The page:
First university-based blockchain research lab launched
Blockchain is a technological innovation that will make data more widely accessible with greater efficiency and speed and still ensure its security. This emerging technology can be a challenge to analyze, understand and adopt data.
Enter the Ateneo MediXserve Blockchain Education and Research (AMBER) Laboratory.
On August 8, 2018, the Ateneo de Manila University,MediXServe and NEM Foundation signed a memorandum of agreement to build AMBER Laboratory. As the first university-based blockchain research laboratory in the country, AMBER Lab will support the introduction of blockchain technologies in developing countries. It will serve as a think tank, research center and an incubation center for blockchain-based startups.
Representatives from Ateneo de Manila University, MediXServe, and NEM Foundation at the MOA Signing
Blockchain is a distributed data-based technology that makes mass collaboration possible. By using a peer-to-peer transaction system, it addresses the challenges of transparency, speed and red tape in business transactions.
“I think it is heartening to know that there is this collaboration that is not just for profit; it helps the vision of defeating poverty,” Dr. Maria Luz Vilches, Vice President for the Loyola Schools, said at the launch. The laboratory, she added, is aligned with the university’s goal to combat poverty. “It is a very ambitious goal. As our university president Fr. Jett Villarin SJ said, ‘We might not be able to reach the goal but that is the goal. We have to keep on getting at it.’ So I am very happy about this.”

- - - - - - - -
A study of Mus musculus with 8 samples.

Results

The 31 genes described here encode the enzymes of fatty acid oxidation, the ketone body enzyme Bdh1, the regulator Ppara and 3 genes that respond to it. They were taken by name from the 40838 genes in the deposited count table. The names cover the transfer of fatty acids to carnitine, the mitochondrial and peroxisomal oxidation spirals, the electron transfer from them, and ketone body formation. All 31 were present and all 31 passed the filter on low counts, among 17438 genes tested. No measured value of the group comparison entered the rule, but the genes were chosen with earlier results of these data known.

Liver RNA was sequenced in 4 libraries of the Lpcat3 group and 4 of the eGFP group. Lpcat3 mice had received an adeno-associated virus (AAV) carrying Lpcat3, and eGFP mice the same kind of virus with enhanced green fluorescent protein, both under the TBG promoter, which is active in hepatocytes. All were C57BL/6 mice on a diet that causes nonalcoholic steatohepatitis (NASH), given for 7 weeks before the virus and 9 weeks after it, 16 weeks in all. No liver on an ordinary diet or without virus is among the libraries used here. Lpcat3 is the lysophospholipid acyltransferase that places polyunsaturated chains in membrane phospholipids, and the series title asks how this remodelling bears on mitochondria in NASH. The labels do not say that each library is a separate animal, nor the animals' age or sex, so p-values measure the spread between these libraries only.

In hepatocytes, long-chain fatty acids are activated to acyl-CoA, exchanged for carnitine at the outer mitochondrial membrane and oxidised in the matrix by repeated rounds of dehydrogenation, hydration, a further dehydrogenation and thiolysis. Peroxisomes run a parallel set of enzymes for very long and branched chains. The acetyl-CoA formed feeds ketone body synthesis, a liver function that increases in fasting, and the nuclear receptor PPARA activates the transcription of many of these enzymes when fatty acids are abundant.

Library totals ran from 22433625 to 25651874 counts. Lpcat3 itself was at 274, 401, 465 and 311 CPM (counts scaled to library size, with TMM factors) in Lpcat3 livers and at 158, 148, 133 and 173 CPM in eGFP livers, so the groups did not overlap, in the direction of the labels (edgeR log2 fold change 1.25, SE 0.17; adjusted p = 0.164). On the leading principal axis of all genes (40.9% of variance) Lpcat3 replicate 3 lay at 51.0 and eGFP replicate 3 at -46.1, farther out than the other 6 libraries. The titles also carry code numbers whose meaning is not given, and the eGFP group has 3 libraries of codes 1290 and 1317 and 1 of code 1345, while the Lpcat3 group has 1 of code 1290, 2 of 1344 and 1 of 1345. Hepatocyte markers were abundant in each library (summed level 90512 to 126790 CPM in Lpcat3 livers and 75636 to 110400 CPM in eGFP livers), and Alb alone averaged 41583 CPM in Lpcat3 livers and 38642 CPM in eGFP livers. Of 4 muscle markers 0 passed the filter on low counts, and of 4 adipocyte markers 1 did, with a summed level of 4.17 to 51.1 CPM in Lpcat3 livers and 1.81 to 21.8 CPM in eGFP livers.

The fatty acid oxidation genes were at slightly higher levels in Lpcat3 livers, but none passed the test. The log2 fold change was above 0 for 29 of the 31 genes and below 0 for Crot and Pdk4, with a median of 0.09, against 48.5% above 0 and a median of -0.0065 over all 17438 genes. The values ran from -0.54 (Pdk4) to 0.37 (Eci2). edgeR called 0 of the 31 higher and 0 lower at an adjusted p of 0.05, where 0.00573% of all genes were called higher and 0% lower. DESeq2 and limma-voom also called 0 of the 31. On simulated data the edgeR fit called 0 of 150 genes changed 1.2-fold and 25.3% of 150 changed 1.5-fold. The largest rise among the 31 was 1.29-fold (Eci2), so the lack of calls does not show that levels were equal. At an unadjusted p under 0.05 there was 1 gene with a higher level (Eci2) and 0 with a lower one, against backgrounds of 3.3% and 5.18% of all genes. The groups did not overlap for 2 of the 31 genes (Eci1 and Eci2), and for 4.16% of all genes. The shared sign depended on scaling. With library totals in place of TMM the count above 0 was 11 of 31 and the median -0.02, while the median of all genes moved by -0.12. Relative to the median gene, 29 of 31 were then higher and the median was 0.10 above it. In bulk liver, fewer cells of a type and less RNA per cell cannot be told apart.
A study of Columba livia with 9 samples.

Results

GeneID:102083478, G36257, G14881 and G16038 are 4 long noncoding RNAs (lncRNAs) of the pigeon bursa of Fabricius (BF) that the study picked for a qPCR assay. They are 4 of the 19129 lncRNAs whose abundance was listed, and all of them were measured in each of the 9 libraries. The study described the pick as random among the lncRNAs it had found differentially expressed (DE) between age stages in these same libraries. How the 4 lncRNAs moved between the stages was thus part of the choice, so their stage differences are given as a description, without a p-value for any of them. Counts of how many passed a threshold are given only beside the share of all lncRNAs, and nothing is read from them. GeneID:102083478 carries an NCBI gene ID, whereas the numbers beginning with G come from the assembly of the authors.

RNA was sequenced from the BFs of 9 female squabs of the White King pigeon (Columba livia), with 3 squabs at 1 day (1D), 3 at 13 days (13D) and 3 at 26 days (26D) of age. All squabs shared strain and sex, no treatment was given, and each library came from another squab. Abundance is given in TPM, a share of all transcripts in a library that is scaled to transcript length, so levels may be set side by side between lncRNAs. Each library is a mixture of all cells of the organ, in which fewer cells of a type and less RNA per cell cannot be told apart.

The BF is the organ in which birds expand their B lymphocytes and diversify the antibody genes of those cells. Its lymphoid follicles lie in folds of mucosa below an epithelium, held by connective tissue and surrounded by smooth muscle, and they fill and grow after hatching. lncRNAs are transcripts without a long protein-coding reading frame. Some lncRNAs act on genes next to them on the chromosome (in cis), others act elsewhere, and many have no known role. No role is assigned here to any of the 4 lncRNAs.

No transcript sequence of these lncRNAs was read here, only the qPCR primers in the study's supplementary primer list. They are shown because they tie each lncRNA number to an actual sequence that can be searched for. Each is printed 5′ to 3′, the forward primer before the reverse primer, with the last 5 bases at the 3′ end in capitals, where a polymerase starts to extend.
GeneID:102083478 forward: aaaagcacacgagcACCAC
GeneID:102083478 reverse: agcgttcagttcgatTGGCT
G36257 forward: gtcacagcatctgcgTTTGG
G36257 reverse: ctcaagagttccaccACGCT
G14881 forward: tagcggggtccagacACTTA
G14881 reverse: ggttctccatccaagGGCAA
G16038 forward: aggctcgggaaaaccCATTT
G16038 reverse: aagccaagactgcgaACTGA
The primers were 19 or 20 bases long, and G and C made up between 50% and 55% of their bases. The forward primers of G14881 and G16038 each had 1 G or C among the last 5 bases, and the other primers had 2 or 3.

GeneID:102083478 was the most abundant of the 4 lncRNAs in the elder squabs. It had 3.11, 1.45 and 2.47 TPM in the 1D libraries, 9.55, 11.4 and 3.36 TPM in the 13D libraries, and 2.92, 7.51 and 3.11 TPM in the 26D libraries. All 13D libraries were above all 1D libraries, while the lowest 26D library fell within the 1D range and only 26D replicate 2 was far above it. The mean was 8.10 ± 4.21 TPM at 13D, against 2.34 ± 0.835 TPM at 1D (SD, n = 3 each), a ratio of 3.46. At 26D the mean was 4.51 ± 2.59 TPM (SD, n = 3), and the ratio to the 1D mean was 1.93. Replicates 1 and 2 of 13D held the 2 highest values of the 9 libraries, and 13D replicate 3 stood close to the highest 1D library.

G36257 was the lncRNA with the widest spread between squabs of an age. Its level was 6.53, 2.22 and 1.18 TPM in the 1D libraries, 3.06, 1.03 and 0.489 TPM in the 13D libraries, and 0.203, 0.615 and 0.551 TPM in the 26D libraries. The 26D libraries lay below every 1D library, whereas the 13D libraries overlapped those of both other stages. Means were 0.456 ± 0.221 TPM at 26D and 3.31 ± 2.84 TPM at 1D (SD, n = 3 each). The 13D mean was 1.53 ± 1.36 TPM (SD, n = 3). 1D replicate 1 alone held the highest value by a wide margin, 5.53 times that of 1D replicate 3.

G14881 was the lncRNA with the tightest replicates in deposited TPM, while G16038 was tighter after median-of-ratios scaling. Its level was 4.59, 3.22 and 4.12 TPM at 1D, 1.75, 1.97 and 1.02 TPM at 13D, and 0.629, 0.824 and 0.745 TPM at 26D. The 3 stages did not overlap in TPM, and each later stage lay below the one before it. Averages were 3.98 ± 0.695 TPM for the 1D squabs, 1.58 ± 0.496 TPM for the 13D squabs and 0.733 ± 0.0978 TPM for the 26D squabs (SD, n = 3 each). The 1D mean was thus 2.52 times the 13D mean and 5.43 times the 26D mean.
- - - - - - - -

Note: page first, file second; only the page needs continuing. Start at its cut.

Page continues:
The laboratory is aligned with the university’s goal to combat poverty, according to Dr. Maria Luz Vilches, Vice President for the Loyola Schools.
Jorge Azurin, CEO of MediXServe, shared the same sentiment: “Blockchain technology is for the poor. It was created with the hope of helping the powerless, the underserved.” As a new technology, blockchain would need a “village to build this research,” Azurin said.
Heading the ‘village’ is Dr. Regina Estuar, who also serves as the director of the Ateneo Java Wireless Competency Center.
“Blockchain technology is for the underserved. It is very transparent; it makes everything secure; lessens the transaction[processes] and red tape. It eases up a lot of things and the underserved will be served better with that.”
Dr. Regina Estuar will head AMBER Lab.
Ateneo’s foray into blockchain technology, Estuar said, is congruent with the university’s mission to do more for others: “It is the essence of why we are all here. It is a big task and there is a lot that we need to do.”
AMBER Laboratory will be housed at the School of Science and Engineering.